1 2 3 4 5 6



Despite the painful melodrama in their music, Dashboard Confessional?s guys are game to have fun with their fans
IN THE CROWDED activity center of Glorietta 4, Makati, we learn something peculiar yet pleasant about Dashboard Confessional?s Chris Carrabba: He?s a funny, funny guy.

?Which album?s our most personal?? Carrabba repeats a fan?s question, scratching his stubble. ?Uhhh. That?s hard. They?re all personal. Well, there?s the least personal one.?

?Which one?s that??

?I don?t know. They?re all personal.?

His comeback creates ripples of laughter. Carrabba, the crafter of ballads of loneliness and longing, beams. The guy is smiling. A lot. The whole band, though obviously jet-lagged, is positively glowing?except bassist Scott Schoenbeck, who looks grimly in need of coffee. His sepulchral aura would be the butt of Carrabba?s jokes later (?Scott?s lost his voice.?). It?s a refreshing antidote to their image as among rock?s most self-inflicting musicians.

Singer-songwriter Carrabba, Schoenbeck, drummer Mike Marsh, and guitarist John Lefler make up American emo-alternative icons Dashboard Confessional (DC), and are on tour for their latest album Alter the Ending. They?re meeting media and delirious fans a day before they play at Trinoma, Quezon City. The mall organizers decked the ?open press conference? with sofa cushions for the band and an LCD screen for the fans. Forming a dense sickle around the activity area, girls clutch signs that say ?YOU?VE STOLEN MY HEART,? and ?CHRIS YOU?RE OUR HERO.?

Passers-by riding elevators scream overhead. They draw Carrabba, and he waves. ?Hi guys!?

Through all this, the band fields questions from media and fans through the emcee, RX 93.1?s deejay Francesca.

What started out in 1999 as Carrabba?s side project and ?diary? has evolved into a phenomenon. Its front man?s provocative lyrics and vulnerable posturing elevated him to demigod status in the eyes of smitten ladies.

After much prodding, Carrabba shyly reveals the inspiration for ?Belle of the Boulevard:? ?I knew a girl who fell on hard luck. One of the most beautiful girls I know. I was sad to see how far she had fallen. I wasn?t planning on making a song of it. I just went to the piano, played a few chords, and suddenly the song was just there. In fact I met her the other day, but she doesn?t know the song is about her. And she?s heard it.?

Every girl gushes. ?We?d never fail to show appreciation for something like that.? ?You?re so sweet!?

Carrabba continues: ?I spent three days on one demo but couldn?t get it right. On the other hand, I wrote ?Hands Down? in 20 minutes, ?Vindicated? in 10 minutes. It?s better to have our finished albums raw than totally polished. The more you pore over music, the more bad it sounds.?

The ladies flip when Carrabba effectively says their biggest hits took less than an hour to write.

The band trades music writing notes (and quips) with guest emcees Steve Badiola of Typecast and Miggy Chavez of Chicosci.

Chavez: ?What music do you guys listen to, to feel sad??

Carrabba: ?Well, when we feel sad we don?t listen to music that makes us sadder. It?s kind of hard to feel sad when listening to The Beach Boys.?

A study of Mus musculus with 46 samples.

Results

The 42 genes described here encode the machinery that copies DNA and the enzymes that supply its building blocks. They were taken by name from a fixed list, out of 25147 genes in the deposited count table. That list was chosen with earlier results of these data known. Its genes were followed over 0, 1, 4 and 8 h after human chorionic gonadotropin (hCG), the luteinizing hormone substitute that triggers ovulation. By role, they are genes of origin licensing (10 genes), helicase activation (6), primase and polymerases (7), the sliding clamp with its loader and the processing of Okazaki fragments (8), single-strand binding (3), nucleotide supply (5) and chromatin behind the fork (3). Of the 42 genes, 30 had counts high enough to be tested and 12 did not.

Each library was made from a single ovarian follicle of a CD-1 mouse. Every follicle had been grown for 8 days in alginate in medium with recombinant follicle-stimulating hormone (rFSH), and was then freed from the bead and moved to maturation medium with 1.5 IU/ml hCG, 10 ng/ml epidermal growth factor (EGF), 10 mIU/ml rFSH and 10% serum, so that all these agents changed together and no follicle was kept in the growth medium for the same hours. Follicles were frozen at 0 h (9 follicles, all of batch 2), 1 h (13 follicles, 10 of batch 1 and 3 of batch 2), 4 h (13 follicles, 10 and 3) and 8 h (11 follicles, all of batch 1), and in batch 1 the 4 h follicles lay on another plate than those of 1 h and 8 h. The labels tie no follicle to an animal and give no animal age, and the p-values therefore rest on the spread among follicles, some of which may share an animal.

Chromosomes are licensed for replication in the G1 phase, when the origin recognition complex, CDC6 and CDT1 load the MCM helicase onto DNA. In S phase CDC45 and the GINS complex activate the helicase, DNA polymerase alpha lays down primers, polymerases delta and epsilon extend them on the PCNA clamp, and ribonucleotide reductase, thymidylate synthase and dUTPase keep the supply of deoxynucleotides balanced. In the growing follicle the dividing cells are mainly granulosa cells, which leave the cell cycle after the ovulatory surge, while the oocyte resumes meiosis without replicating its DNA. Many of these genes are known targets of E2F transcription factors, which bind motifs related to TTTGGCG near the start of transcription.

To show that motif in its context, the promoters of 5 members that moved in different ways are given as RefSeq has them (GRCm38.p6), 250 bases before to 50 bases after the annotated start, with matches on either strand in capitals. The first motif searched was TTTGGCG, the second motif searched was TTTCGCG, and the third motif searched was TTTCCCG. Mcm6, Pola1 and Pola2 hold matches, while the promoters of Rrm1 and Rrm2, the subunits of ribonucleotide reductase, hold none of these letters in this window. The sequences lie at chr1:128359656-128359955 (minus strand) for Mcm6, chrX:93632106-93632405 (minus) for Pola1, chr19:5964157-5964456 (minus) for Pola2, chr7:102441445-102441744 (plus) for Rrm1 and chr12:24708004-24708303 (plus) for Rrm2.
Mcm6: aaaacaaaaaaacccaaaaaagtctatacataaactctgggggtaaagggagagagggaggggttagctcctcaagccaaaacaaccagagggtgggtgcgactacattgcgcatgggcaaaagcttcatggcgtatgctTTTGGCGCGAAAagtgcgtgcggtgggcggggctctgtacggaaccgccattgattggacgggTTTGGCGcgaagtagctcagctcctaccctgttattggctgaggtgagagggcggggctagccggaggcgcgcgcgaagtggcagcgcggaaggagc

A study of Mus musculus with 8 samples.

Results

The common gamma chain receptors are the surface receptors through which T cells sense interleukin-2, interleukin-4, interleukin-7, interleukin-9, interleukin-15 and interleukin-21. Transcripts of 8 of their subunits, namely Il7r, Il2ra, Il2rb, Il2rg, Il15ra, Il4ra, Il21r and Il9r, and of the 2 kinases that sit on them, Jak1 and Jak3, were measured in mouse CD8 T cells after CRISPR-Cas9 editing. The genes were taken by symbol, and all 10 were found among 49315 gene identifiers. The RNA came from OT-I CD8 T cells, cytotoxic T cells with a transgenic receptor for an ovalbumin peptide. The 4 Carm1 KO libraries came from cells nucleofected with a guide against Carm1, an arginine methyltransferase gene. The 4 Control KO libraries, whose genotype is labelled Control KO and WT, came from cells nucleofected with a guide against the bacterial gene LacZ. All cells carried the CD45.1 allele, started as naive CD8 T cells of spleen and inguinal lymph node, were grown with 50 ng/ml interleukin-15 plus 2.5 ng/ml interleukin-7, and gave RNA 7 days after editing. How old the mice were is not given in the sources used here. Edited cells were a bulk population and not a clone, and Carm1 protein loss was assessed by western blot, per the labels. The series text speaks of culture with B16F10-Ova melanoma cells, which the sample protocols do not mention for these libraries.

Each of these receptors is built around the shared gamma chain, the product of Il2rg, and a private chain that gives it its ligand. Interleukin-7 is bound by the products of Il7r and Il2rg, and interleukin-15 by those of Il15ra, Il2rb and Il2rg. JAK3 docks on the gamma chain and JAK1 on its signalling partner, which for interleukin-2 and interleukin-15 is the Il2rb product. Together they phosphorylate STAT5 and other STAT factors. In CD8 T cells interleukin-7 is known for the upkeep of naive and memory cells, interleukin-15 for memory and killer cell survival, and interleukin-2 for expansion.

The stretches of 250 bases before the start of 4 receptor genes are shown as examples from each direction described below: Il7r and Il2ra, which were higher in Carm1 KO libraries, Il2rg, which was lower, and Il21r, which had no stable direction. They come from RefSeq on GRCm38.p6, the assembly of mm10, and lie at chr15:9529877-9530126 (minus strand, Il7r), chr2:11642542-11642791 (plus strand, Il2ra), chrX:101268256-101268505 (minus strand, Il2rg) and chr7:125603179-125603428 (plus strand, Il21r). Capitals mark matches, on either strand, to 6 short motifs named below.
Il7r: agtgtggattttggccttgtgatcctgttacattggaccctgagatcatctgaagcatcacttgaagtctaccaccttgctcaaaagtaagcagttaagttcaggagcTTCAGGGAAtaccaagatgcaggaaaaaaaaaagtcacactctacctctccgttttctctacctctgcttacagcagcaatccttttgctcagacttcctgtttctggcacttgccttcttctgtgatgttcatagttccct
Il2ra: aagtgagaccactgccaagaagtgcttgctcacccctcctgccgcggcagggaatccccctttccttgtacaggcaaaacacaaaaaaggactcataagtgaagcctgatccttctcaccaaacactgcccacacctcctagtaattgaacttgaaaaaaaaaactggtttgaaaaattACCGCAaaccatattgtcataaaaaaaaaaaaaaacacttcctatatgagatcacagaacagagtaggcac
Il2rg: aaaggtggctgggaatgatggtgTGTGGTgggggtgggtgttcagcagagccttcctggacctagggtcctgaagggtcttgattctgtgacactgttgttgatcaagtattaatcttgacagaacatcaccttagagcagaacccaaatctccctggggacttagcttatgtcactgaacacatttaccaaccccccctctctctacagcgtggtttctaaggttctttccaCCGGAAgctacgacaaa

Chavez: ?How about Whitney Houston??

Lefler: ?You listen to Whitney Houston when you?re sad??

Chavez: ?No, when we?re happy.?

Dashboard Cultfessional

Starting as a one-man act, DC eventually drew in friends and former bandmates of Carrabba?s. In an online interview, Carrabba said ?Alter? felt like ?the first ?band? album,? in that during production, it felt like the chemistry of friends playing was finally there.

?It takes a lot of playing together before [you learn the band?s chemistry],? says Carrabba. Their chemistry is palpable, especially between Carrabba and drummer Marsh when the former talks about the band?s origin. ?I got kicked out of this band, then brought in Mike.? ?Let?s tell them the real story?? ?Don?t tell them the real story!?

If DC were a cult, Carrabba would be its dual-natured guru, singing about distance and despair one moment, grinning goofily the next.

A fan asks the band which song they wish they?d written. Lefler scratches his head. ?We finished touring with Jon Bon Jovi. And when they played ?Livin? on a Prayer??

?People lose their minds when they play that song!" Carrabba interjects wildly. "Even in crappy bars, the kind full of old women, if there?s a jukebox and you play that song, everyone loses their minds.?

Another fan asks: have you played Hands Down on Rock Band? Carrabba nearly jumps off his seat. ?Yes! I?ve played that!? Have you gotten one hundred percent? ?No!?

And where would they be if not in a band right now? ?Gainfully employed. I used to be a teacher,? reveals Carrabba (who holds an Education degree). What kind of teacher? ?Of awesomeness.?

Another question: Every album you?ve had, except ?A Mark, A Mission, A Brand, A Scar,? has a song named after that album. Why not that album? Carrabba exclaims, ?That?s a good question. A really good question. I never noticed that. I guess I blew it!?

Among the final questions was if any of their tattoos have any significance. Carrabba shares this gem: ?I was 14 or 15, my friend got this tattoo gun and asked if I wanted [a tattoo]. I got it!? The fans clamor to see the tattoo. He cups his face bashfully. ?If you come to the show, I?ll show you!? How about the other members?

Marsh: ?Mine?s by an Austrian artist.?

Schoenbeck: ?It?s all bullshit. Nothing cool.?

Lefler: ?None.?

Marsh: ?Clean living.?

Carrabba: ?He?s an adult.?

At the end of the Q&A, the band poses for photos. Hugs all around, as fans cue up to them. I ask Carrabba, former elementary teacher, if the quality of teacher makes a difference in a child?s future. He answers, briefly: ?Yeah!?

Good to see levity coming from these maestros of heartbreaking paeans.

Dashboard Confessional?s ?Alter the Ending? is available through Interscope Records in all major record labels.